HB 971 – Bicycles and Bicycle Lanes
HB 971, which was signed recently, includes a requirement for bicyclists to use lanes marked for bicycle use under some circumstances when they are present. It will go into effect on September 1, 2010.
The section of interest is a change to s. 316.2065 – Bicycle Regulations, which will state:
(5)(a) Any person operating a bicycle upon a roadway at less than the normal speed of traffic at the time and place and under the conditions then existing shall ride in the lane marked for bicycle use or, if no lane is marked for bicycle use, as close as practicable to the right-hand curb or edge of the roadway ….
The change is highlighted. That would seem to be quite logical until the full impact is understood.
That provision will have no legal or enforcement effect if correctly applied. It is unnecessary and redundant.
As the law presently stands, when a bicyclist is required to ride as close as practicable to the right-hand curb or edge of the roadway the cyclist would necessarily be required to ride in an existing bike lane. There is no change to that requirement with the new language.
Please note that I said “WHEN a bicyclist is required to ride as close as practicable to the right-hand curb or edge of the roadway”.
The problem with the change is that it exacerbates an existing misunderstanding of the remaining part of (5)(a), the exceptions that permit a cyclist to leave the right-most curb or edge of the roadway, and reinforces the incorrect belief of many that cyclists are always required to “keep right”. Some may now also believe that cyclists are always required to remain in bike lanes, which is also not true.
The rest of section (5)(a) is unchanged and continues:
(Keep right) except under any of the following situations:
1. When overtaking and passing another bicycle or vehicle proceeding in the same direction.
2. When preparing for a left turn at an intersection or into a private road or driveway.
3. When reasonably necessary to avoid any condition or potential conflict, including, but not limited to, a fixed or moving object, parked or moving vehicle, bicycle, pedestrian, animal, surface hazard, turn lane, or substandard-width lane, which makes it unsafe to continue along the right-hand curb or edge or within a bicycle lane.
Presumably, if there is a proper bike lane, the section about substandard-width lanes will not be of concern, since the roadway with a bike lane will be wide enough to permit safe passing if the cyclist is in the bike lane.
Most people only know of the first part of (5)(a) and do not understand the exceptions. That is true for motorists, many officers and many cyclists, who sometimes hazard themselves by doing things they think are required, such as always staying to the far right of the roadway.
With the new language, there will even greater misunderstanding of the exceptions. Those who are not fully versed in safe cycling practices will now believe that cyclists are not only required to keep right, they are required to stay in the bike lane. In other words “Get out of my way – Get in the bike lane -That’s what the law says.”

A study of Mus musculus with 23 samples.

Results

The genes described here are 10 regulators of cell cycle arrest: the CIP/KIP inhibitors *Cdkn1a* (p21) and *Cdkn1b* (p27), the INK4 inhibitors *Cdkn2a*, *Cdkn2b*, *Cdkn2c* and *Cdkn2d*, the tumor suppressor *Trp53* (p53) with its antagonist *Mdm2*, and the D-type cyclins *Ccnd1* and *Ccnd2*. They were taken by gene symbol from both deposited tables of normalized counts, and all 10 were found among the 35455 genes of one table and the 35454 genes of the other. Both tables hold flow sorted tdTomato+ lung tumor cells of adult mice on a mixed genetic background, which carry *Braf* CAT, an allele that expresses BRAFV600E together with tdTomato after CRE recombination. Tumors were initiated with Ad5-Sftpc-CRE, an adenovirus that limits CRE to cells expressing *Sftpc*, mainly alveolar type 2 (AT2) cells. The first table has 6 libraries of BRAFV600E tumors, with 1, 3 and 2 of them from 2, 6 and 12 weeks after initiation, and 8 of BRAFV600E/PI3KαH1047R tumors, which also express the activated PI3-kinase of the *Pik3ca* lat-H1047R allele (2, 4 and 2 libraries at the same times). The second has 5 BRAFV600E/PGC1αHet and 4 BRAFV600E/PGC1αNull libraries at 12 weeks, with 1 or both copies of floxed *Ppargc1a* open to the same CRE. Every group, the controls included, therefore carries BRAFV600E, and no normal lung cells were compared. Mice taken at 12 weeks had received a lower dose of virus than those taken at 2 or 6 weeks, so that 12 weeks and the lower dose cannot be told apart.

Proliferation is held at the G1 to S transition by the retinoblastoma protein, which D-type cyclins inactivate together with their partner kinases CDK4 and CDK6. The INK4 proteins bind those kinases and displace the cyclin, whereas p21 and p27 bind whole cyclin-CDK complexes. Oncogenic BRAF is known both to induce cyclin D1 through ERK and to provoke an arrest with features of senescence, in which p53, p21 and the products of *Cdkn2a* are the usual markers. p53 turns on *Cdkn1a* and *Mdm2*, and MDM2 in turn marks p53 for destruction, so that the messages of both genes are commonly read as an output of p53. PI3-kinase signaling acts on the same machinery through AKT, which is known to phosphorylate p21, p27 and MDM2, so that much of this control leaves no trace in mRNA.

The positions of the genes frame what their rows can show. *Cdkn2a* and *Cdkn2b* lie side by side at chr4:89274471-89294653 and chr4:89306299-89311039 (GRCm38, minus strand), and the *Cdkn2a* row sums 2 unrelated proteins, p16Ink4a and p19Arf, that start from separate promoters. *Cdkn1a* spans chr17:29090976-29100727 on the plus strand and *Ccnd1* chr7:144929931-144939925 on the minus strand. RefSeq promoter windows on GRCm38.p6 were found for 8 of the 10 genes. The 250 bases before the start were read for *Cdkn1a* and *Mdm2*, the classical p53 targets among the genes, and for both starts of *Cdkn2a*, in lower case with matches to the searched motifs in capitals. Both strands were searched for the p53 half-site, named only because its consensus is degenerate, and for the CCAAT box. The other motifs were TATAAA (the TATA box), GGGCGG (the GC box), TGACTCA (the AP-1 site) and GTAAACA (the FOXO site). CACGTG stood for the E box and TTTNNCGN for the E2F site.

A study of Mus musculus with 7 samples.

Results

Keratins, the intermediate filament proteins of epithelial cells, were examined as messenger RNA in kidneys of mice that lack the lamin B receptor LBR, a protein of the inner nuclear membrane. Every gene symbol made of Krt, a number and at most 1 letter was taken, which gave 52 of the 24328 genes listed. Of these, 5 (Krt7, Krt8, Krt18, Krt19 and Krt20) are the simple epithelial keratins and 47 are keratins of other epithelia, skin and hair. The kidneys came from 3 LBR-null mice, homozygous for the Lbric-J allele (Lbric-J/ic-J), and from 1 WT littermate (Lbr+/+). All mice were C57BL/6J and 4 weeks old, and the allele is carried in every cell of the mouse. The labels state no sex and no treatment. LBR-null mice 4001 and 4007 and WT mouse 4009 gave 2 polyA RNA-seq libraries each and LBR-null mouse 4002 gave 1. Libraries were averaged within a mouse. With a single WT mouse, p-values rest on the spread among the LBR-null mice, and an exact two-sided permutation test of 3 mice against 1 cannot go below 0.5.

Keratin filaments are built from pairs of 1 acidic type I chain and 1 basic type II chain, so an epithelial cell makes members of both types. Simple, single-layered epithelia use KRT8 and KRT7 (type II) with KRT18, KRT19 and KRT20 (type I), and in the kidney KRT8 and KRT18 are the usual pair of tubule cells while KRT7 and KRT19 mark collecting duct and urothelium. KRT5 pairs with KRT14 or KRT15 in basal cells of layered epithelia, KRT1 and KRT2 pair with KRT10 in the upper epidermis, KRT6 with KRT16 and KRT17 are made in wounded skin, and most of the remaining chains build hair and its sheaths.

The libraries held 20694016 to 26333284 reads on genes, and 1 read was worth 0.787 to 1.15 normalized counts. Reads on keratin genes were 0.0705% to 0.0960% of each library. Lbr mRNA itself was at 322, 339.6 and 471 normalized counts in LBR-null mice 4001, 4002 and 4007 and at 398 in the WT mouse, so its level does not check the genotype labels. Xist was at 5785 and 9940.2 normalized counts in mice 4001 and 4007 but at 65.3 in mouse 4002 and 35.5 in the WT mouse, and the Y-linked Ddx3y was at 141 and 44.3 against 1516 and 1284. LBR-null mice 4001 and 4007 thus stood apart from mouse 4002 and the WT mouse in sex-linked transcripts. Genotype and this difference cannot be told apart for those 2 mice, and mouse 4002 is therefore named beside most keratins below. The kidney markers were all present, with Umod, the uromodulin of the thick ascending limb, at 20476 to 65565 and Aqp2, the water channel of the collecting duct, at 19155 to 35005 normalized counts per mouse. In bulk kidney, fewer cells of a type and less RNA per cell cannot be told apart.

In fact, there will still be the same conditions that require a cyclist to leave the right side of the roadway, whether there is a bike lane or not. The same ones that previously gave the cyclist the right to ride safely and move left to pass, prepare for a left turn, and avoid any unsafe condition. Cyclists traveling at the same speed or faster than other traffic will still not be required to keep right or stay in the bike lane.
There are numerous reasons that this misunderstanding will worsen cyclists’ already existing plight. I will just mention two.
Door Zone Bike Lanes
Roadway design criteria call for installing bicycle lanes immediately to the left of parked cars. Those are inherently unsafe to cyclists traveling at more than a very slow speed, and are unsafe conditions for faster cyclists.
Even without the new provision in the law, cyclists are frequently warned to “Stay in the bike lane” by uninformed officers and motorists. Uneducated and inexperienced cyclists will remain in the bike lane without understanding that doors will open illegally and dangerously without warning, causing the cyclists to either crash or swerve left at the last moment, possibly into the path of motor vehicles.
A large percentage of crashes occur at intersections. An experienced rider will recognize an intersection as an unsafe condition and act accordingly.
Bicycle lanes are supposed to change from a solid white line to a dashed line before an intersection, indicating that the motorist should move as close to the right-hand curb or edge of the roadway as is practicable to prepare for a right turn, as the law requires, and the cyclist may leave the bike lane to be more visible and fall in behind other traffic to avoid conflict with a right-turning vehicle.
Too often, bike lanes are not properly installed and continue as solid lines to the intersection, giving the impression that cyclists must remain there, placing them in conflict with drivers who illegally and dangerously turn across the bike lane without yielding as required.
There are many other such examples that will worsen the misunderstanding of cyclists proper and legal roadway positioning. One of the challenges of the Bicycle Law Enforcement Program will be to explain these circumstances. That was already difficult, but will now be even of greater importance.